Does anyone want to move to an island to be a part of this? #greenisland #cleanliving #carbonfootprint http://t.co/P8Q5MJSVOC
Project comment response – February 22, 2011
All TerraPass projects undergo a public comment period while they are being evaluated for inclusion in our portfolio, so that the general public can provide feedback and ask questions. Below is TerraPass’ response to the comments received for the Pagel’s Ponderosa Dairy in Kewaunee, Wisconsin.
This project’s comment period was open from November 11 to December 11, 2009. We publicized the open comment period in a blog post, including the blog summary email which was distributed to over 25,000 active recipients. We received four comments during this time.
Two comments were focused on the broader implications of large scale farming on the environment, animal welfare and worker rights. Regardless of how you feel about large-scale farming the manure from large dairies can create massive greenhouse gas emissions and hopefully we can all agree that controlling those emissions is in the best interest of the environment. The anaerobic digester installed by Pagel’s Ponderosa Dairy will destroy thousands of tons of green house gas emissions every year and we believe it deserves support and encourage all large-scale farms to install similar technologies.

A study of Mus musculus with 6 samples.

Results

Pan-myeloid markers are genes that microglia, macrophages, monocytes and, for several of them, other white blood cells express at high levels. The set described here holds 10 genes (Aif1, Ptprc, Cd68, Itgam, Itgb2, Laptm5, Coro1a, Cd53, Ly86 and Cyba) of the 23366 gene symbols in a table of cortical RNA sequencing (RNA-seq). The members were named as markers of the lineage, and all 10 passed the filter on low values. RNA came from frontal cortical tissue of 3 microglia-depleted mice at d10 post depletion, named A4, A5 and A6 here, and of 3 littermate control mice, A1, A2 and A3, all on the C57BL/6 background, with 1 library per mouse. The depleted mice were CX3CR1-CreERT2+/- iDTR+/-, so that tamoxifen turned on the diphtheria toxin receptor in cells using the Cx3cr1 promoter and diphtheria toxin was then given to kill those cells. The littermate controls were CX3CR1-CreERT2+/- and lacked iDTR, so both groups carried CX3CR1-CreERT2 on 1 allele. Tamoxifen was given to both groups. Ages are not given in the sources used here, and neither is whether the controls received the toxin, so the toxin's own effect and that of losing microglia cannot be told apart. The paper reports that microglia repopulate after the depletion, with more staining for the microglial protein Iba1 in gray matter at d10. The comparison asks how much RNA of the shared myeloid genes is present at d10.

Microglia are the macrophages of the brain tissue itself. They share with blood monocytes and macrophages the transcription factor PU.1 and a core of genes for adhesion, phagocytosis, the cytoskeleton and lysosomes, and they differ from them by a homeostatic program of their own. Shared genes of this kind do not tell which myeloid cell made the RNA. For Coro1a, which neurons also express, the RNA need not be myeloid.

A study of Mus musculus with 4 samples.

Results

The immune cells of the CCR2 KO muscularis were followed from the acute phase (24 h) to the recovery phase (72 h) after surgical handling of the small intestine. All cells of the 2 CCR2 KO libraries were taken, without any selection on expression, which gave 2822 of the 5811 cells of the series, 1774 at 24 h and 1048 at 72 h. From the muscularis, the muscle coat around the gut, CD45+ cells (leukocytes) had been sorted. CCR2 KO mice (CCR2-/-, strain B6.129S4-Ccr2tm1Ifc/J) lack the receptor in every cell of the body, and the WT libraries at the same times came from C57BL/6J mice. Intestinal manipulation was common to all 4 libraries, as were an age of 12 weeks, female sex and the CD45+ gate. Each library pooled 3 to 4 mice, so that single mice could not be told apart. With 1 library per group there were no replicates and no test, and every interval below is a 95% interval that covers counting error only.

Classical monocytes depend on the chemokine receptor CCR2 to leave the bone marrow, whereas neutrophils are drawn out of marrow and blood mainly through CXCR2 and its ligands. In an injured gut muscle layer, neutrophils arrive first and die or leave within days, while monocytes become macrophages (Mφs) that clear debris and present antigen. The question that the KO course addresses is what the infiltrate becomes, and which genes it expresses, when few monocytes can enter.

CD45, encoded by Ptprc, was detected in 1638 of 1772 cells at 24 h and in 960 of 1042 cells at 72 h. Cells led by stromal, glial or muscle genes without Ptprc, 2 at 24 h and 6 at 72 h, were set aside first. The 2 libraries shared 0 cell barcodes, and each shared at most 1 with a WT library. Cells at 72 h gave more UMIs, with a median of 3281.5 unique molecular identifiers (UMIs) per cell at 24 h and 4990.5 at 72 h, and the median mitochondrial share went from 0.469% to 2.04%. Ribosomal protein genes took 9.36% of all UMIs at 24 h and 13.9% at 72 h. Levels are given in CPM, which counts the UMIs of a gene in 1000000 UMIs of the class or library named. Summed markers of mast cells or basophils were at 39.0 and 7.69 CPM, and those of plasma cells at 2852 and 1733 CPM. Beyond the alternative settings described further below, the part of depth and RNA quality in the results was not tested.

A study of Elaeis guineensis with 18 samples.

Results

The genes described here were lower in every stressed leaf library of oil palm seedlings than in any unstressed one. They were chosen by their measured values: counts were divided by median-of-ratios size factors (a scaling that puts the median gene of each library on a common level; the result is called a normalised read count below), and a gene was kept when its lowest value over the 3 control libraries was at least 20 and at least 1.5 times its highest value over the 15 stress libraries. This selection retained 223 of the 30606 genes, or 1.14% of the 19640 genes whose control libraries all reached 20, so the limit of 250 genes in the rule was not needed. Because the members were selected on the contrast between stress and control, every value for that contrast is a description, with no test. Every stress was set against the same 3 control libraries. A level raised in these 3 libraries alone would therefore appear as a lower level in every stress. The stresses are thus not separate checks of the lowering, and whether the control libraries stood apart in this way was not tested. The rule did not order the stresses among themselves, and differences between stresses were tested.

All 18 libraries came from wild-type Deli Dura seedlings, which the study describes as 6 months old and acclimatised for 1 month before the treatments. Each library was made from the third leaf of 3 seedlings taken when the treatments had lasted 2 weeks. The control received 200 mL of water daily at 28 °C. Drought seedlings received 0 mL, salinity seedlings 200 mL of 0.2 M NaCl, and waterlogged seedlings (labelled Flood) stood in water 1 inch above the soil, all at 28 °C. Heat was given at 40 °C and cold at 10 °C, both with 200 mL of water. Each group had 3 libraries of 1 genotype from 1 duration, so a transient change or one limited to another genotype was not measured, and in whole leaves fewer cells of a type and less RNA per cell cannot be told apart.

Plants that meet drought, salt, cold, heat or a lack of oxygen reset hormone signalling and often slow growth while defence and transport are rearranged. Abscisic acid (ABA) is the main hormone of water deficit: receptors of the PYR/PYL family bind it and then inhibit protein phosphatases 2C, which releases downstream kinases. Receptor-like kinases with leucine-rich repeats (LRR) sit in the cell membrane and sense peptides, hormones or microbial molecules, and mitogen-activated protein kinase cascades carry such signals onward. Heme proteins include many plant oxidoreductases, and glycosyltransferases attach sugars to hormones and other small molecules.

The above said, Pagel’s Ponderosa is a a family owned dairy with a rich history in Wisconsin. It was built up over the last 30 years from 65 cows to more than 4000 by the son of the original owners and has been a boon to the local economy and the Wisconsin dairy industry. The Pagels put a strong emphasis on animal welfare (the happier the cow the more milk she produces) and run a large educational program for local school kids (and adults too!). It’s one of the best run farms we’ve visited and the family is committed to providing safe, clean and environmentally responsible milk.
The other two comments focused on possible end uses for digester gas and other by-products. Every project must assess the technologies that work best for them. In this case, generating electricity from the biogas made more sense than upgrading it to vehicle fuel or pipeline grade gas, although that technology works well for other projects. The project is also utilizing every by-product that it can, effluent is used as an organic fertilizer, solids are used as animal bedding and engine heat is captured and used to warm the digester. By being as efficient as possible in running the projects their positive impacts are maximized and returns improved so it’s a win-win situation.